The latest entrant into the D.C.-area bagel wars recently brought Alexandria’s Del Ray neighborhood a new shop selling rounds stuffed with beet-cured salmon and blending six flavors of cream cheese, including cheddar-bacon, raspberry-ginger, and a preserved lemon with dill.
Bagel Uprising (2307A Mt. Vernon Avenue) opened about two weeks ago on the sleepy neighborhood’s main drag. Stomping Ground chef-owner and resident biscuit maven Nicole Jones partnered with self-taught bagel maker Chad Breckinridge to open the shop, giving the IT lawyer a permanent home for bagels that first blew up a few years ago at the Four Mile Run Farmers Market before fueling popular pop-ups at Dairy Godmother and (now-closed) SnackBar.
Breckinridge brings bagel expertise while Jones, a Georgia native, adds Southern, Middle Eastern, and Eastern European twists while taking an opportunity to explore the Lithuanian side of her heritage. Jones says the shop isn’t equipped to cook egg-filled breakfast sandwiches, so she developed the bacon-cheddar bagel as a suitable alternative. She blends Benton’s bacon and Hook’s cheddar with cream cheese to form a mixture that seems like a short leap from pimento cheese.
In addition to a seasonal cream cheese — Jones expects an apple cinnamon flavor to replace the raspberry-ginger — Bagel Uprising offers other spreads such as tahini, salty butter, and apple-lingonberry jam.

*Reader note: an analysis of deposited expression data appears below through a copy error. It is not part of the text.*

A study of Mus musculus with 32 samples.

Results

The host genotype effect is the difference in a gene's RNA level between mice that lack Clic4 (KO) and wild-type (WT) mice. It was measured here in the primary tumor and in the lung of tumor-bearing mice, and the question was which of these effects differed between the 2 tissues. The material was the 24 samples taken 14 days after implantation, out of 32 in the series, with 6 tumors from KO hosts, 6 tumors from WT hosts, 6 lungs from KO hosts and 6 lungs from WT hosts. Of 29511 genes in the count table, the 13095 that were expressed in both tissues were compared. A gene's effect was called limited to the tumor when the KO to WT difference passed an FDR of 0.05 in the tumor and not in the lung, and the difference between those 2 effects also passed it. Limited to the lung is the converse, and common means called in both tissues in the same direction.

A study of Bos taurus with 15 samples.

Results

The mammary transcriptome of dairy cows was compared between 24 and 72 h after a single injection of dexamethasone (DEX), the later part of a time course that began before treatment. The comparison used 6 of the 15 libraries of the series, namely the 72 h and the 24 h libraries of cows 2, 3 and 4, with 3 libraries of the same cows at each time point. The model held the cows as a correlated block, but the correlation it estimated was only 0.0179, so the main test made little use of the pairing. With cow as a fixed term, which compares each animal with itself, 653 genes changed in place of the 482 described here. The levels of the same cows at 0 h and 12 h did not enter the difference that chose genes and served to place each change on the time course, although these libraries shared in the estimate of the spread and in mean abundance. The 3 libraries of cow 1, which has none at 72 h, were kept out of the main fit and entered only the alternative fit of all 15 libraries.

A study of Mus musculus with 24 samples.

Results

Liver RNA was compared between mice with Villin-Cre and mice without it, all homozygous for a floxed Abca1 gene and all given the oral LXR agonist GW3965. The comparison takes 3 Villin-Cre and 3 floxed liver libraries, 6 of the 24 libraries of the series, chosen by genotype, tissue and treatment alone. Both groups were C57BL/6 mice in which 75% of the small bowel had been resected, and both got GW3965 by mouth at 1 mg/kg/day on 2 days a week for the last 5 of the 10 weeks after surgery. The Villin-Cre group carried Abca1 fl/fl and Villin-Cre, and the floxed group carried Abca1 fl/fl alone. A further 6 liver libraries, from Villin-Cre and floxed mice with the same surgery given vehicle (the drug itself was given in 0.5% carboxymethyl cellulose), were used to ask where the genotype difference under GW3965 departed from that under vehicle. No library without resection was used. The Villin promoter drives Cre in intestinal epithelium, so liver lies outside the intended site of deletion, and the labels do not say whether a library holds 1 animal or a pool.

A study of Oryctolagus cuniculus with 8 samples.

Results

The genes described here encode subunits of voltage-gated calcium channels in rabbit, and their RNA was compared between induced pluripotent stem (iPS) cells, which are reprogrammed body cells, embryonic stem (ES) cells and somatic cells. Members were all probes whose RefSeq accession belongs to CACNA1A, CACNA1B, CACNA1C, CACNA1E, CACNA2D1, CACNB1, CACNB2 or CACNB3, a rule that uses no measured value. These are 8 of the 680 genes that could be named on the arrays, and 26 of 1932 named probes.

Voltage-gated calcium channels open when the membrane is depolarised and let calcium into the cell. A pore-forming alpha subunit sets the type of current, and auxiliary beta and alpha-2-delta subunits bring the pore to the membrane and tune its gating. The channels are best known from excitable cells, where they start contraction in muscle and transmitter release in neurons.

Six bagel sandwiches ($7 to $10) include a Classic (Ivy City smoked salmon, tomatoes, capers, onion, spread) and a Veg Out (cucumber, avocado, tomato, pickled radish, sprouts, spread). A Delish Whitefish mixes the deli staple into Jones’s special dill spread, which incorporates preserved lemon, lemon zest, red roe, and both fresh dill and dill seeds. A Fowl Mood combines smoked turkey and Muenster cheese on a poppy seed bagel.
Jones says a surprising early favorite for customers has been a cinnamon bagel that Breckinridge first developed for his kids. Breckinridge dredges boiled bagels with a 50-50 mixture of cinnamon and sugar before baking them. Customers have taken to ordering them with butter and peanut butter.
“The cinnamon and sugar kind of make a crunchy coating on the outside, with an extra toasty flavor,” Jones says. “It’s very much cinnamon, not cinnamon-raisin. Chad is not an advocate of putting any type of fruit into bagels.”
The shop is selling drip coffee from Counter Culture along with bottles of Yoo-Hoo, milk, and juices.
Jones cautions that Bagel Uprising is still easing into opening. The shop has been selling out of bagels every day and has to sort out some electrical issues before it can ramp up production through its conveyor oven. Eventually, she’ll turn to her Lithuanian grandmother’s recipes to add a couple desserts: kolache cookies made with a cream cheese dough and a yeasted honey cake.
Bagel Uprising is open six days a week (closed Tuesdays). Weekday hours are 7 a.m. to 3 p.m. or whenever the shop sells out. It opens at 8 a.m. on weekends.